Import permits and forms to file, 30 day quarantine, numerous vaccinations, and the horror stories of individuals being charged outrageous import fees with the looming threat of their pets being taken to quarantine.
The most accurate source for Thai import/export is the Thailand Department of Livestock Development website found here.
Whether you are arriving from the United States, Canada, or the European Union the requirements are the same.
- Health Certificate, in English, authorized by the veterinary official of the exporting country.
- Rabies Vaccination no less than 21 days prior to departure.
- Leptospirosis Vaccination no less than 21 days prior to departure or a negative test result within the 30 days prior to departure (Leptospirosis is combined with the Rabies vaccine given in France).
- Distemper, Hepatitis, and Parvovirus Vaccinations no less than 21 days prior to departure (normally these are already completed during puppyhood).
- 30 day quarantine at owners expense (not enforced).
If your dog is not allowed as carry-on, find an airline that will allow pets as checked luggage instead of cargo. Cargo fees can add up fast on a long distance trip to Thailand if coming from the United States or in my case, Paris. I have talked to several individuals who successfully flew via Thai Airways. They also paid close to $1000 for a medium-large sized dog. Air France, KLM, and Delta have teamed up, and they all have a flat rate of 200 EUR/CAD/USD for pets flying internationally as either carry-on or checked baggage. For those traveling with a large dog, this price can’t be beat. Our airline of choice this trip was Air France because they run direct flights regularly from Paris to Bangkok. For those interested in taking a dog through Paris CDG airport, see my article on the topic here.
After you have gotten through customs for bipeds at Bangkok Suvarnabhumi Airport (the lines can be quite long), pets that did not fly as carry-on will be at Z3 Oversized Baggage. Directly across from the oversized baggage claim is an exchange booth. I advise you take a moment to exchange some cash to help speed up the next few steps required to import your pet. There are two offices for animal customs in the Suvarnabhumi Airport, both are located at opposite ends by baggage claim 9 and 10. The primary office is located on the same wall as the oversized baggage claim.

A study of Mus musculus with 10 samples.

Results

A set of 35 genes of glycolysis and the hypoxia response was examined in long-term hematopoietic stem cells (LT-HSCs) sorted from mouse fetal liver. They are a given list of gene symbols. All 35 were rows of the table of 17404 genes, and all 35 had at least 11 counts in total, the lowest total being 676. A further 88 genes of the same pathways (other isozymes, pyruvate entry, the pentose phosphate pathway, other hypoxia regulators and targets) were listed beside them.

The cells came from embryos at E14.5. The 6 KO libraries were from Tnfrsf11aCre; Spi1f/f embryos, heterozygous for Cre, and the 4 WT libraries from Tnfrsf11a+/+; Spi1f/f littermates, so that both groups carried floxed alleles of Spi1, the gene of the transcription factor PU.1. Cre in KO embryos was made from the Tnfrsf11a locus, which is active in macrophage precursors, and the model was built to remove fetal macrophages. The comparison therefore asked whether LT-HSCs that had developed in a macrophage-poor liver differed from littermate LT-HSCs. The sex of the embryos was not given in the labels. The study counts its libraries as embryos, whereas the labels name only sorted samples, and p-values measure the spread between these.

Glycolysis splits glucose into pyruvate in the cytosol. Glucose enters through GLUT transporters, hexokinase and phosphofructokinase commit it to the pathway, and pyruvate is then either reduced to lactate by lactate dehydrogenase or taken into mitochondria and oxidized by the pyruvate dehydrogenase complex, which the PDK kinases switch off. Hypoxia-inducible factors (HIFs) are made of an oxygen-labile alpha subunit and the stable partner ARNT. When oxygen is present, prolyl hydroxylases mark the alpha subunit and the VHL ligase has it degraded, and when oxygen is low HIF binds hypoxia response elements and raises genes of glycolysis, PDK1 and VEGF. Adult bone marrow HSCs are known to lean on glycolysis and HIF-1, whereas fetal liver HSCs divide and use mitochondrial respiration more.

I was met by three stern faced officials. Remember this is Thailand. Smile. I gave them a cautious smile and a respectful nod, and their faces lit up. Contrary to numerous sources on the internet, all paperwork can be done upon arrival in Thailand. I did fill out my Form No 1/1 in advance to save time (I had a connecting flight to Chiang Mai to catch!). None of these individuals seemed able to speak English, but I continued to throw beaming smiles in their direction, and they bustled through my paperwork. I was given three different forms requiring my signature, and I was asked for Zala’s health certificate. In the European Union, health certificates are filled out inside of the pet passports. Ask your veterinarian to print a separate health certificate form, these officials were not familiar with pet passports. The process may have taken 15 minutes, I paid a 100baht fee, and Zala’s vaccinations weren’t even checked!
The next step was to walk across to customs for bipeds with Zala’s two freshly stamped pieces of paper authorizing her entry into the country of Thailand. The customs official immediately demanded 1000baht from me. When I asked why, a finger was pointed to Zala’s paperwork and I received a look of exasperation. Afterwards, I researched what this fee is based off of, and this is what I found from the Thai DLD website.
“The importer must pay an import fee as prescribed by
the Ministerial Regulation, which was issued in accordance
with the Animal Epidemics Act B.E. 2499 (1956)”
The officials get to make up the import fee. Remember to smile, this fee can be dodged if you wish and this information can be found on the Thai DLD website, but 1000baht is roughly 30USD, not worth fighting in my opinion. And that’s it! Welcome to Thailand.